For its latest installation, the Power Plant Gallery, located on the American Tobacco Campus, consists of a darkened brick room. Although the darkened windows are a practicality for viewing the installation, titled “The Way Things Can Happen,” the setup creates a sense of entering an underground bomb shelter, a fitting home for an exhibit about the dangers of nuclear war.

Erin Johnson’s “The Way Things Can Happen,” on display at the Power Plant Gallery until March 3, features extras from the popular 1983 television film “The Day After.” The film depicts a nuclear attack on Kansas and was shot on location in Lawrence, Kan., with a cast of 5,000 extras from the area. Over 100 million people watched the film live when it first premiered, and it is one of the highest-rated television films in history. Artist Erin Johnson visited Lawrence last summer to film a retelling of “The Day After” in a documentary style. Actors stand in front of normal backgrounds — a supermarket, a basketball court, a field — and discuss the outcome of the nuclear strike in matter-of-fact tones.

“I was really interested in the idea that a large group of people from this one community had played out this nightmare, the country’s worst fear,” Johnson said.

She added that the original film “The Day After” had a large impact not only on its viewers, but on the people who were featured in it. Using the extras from the film added a personal and immediate sense to her project. In using real people from the film and from Lawrence, Johnson creates a form of pseudo-reality, where the actors do have a connection to nuclear war without having actually experienced it themselves.

“They were extras in the film. They were lying on the floor in the gym, or they were a part of the crowd in the field. So in some ways they really did live this experience,” said Caitlin Kelly, director of the Power Plant Gallery.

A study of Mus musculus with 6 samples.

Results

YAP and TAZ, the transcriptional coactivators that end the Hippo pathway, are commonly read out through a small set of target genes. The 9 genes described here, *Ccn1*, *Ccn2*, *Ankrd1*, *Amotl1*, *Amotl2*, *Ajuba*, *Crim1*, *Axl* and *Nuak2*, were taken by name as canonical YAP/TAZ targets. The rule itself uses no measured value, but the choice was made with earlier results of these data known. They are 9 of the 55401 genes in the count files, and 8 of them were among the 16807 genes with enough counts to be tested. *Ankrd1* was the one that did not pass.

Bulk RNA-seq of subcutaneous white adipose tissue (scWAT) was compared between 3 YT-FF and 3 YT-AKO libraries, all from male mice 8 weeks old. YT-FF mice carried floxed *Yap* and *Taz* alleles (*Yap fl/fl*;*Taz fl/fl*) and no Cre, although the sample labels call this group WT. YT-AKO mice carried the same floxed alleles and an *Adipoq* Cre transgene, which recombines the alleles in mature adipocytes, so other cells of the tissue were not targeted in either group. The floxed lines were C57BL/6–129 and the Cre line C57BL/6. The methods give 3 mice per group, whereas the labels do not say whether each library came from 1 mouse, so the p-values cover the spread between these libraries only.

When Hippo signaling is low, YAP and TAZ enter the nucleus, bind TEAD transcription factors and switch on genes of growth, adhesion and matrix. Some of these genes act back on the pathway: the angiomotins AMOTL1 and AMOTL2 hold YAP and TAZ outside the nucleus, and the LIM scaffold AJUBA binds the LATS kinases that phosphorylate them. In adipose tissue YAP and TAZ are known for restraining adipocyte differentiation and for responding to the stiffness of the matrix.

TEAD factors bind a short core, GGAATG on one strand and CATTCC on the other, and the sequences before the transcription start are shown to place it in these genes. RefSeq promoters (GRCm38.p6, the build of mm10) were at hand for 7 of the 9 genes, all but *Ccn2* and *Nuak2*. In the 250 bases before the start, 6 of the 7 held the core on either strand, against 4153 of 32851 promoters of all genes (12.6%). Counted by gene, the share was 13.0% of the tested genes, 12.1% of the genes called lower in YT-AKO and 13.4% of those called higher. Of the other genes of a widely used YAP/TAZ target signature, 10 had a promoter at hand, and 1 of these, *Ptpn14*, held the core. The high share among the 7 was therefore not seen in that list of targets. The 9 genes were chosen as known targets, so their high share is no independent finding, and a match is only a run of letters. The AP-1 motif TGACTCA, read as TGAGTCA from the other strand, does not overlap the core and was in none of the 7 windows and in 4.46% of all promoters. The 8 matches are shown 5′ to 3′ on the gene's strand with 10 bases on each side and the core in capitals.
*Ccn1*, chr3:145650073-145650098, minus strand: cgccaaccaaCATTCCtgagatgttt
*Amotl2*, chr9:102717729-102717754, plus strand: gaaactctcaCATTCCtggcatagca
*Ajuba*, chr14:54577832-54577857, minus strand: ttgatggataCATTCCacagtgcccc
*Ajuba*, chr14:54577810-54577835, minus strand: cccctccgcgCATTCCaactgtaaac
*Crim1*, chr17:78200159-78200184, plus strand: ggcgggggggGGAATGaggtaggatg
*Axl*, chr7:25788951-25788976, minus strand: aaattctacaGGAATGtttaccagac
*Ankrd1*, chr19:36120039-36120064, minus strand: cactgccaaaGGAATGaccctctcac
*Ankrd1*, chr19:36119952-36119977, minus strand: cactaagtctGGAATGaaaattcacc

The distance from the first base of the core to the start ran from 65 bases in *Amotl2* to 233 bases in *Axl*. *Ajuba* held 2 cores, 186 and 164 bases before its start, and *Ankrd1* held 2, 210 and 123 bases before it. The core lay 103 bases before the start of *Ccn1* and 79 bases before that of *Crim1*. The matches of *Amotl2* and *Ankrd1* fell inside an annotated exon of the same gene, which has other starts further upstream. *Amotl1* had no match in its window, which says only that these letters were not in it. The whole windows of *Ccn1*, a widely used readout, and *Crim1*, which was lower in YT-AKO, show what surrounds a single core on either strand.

Johnson added that although “The Day After” itself was fictional, it did have real world implications in contributing to the national discussion around nuclear power during the Cold War.

“I’m interested in seeing what happens when the blurring of fact and fiction take place and what kind of possibilities that blurring might bring about,” Johnson said.

“The Way Things Can Happen” can be enjoyed without previously seeing “The Day After.” Even the nuclear strike itself is only alluded to, as the installation deals primarily with the personal effects of a nuclear disaster instead of the actual event. This strategy allows the viewer to imagine what must have happened to create this post-apocalyptic world.

“I think you can be bothered by this work all on its own,” Kelly said.

The exhibit opens at an appropriate time, as President Donald Trump traded threats of nuclear war with Kim Jong-Un over Twitter earlier this month. The fear of nuclear strike is more popular in the news now than it has been in years, which is what piqued Kelly’s interest in featuring this exhibit. “The Way Things Can Happen” makes these currents events much more intimate.

“It takes that larger rhetoric that’s happening outside, whether it’s on Twitter or on the news, and it makes it more personal,” Kelly said. “And hopefully we can pay attention to it.”

A particularly chilling feature of the exhibit is the inclusion of pamphlets and videos from the 1960s dealing with the topic of radiation and nuclear disaster. The pamphlets, reprinted with permission from the Duke Medical Archives, discuss how to build a nuclear shelter, how to survive atomic war and a psychological study of how humans react in a simulated bomb shelter.

“The Way Things Can Happen” is accompanied by a number of events, such as the Nuclear War Film Series. The Power Plant Gallery is showing “Buzz One Four,” a documentary by Matt McCormick, Feb. 8. A panel discussion on creative responses to the threat of nuclear war will be held Feb. 15, and Johnson herself will talk about “The Way Things Can Happen” at a public talk Feb. 16.

The Power Plant Gallery was founded in September 2013 through Duke University. It was a joint initiative between the Center for Documentary Studies and the M.F.A. in Experimental and Documentary Arts. The gallery showcases documentary work, although it does show more experimental work as well. It also hosts the Duke M.F.A. thesis shows and panel discussions, tending to focus on the idea of art and activism. Johnson’s exhibit is being shown there for the first time.

In the Power Plant Gallery, it is possible to believe that Erin Johnson’s film is real and that you are seeing it in a post-apocalyptic world. It is almost a relief to step outside into the Durham sunshine and realize that nuclear disaster is, for now, only a faint possibility.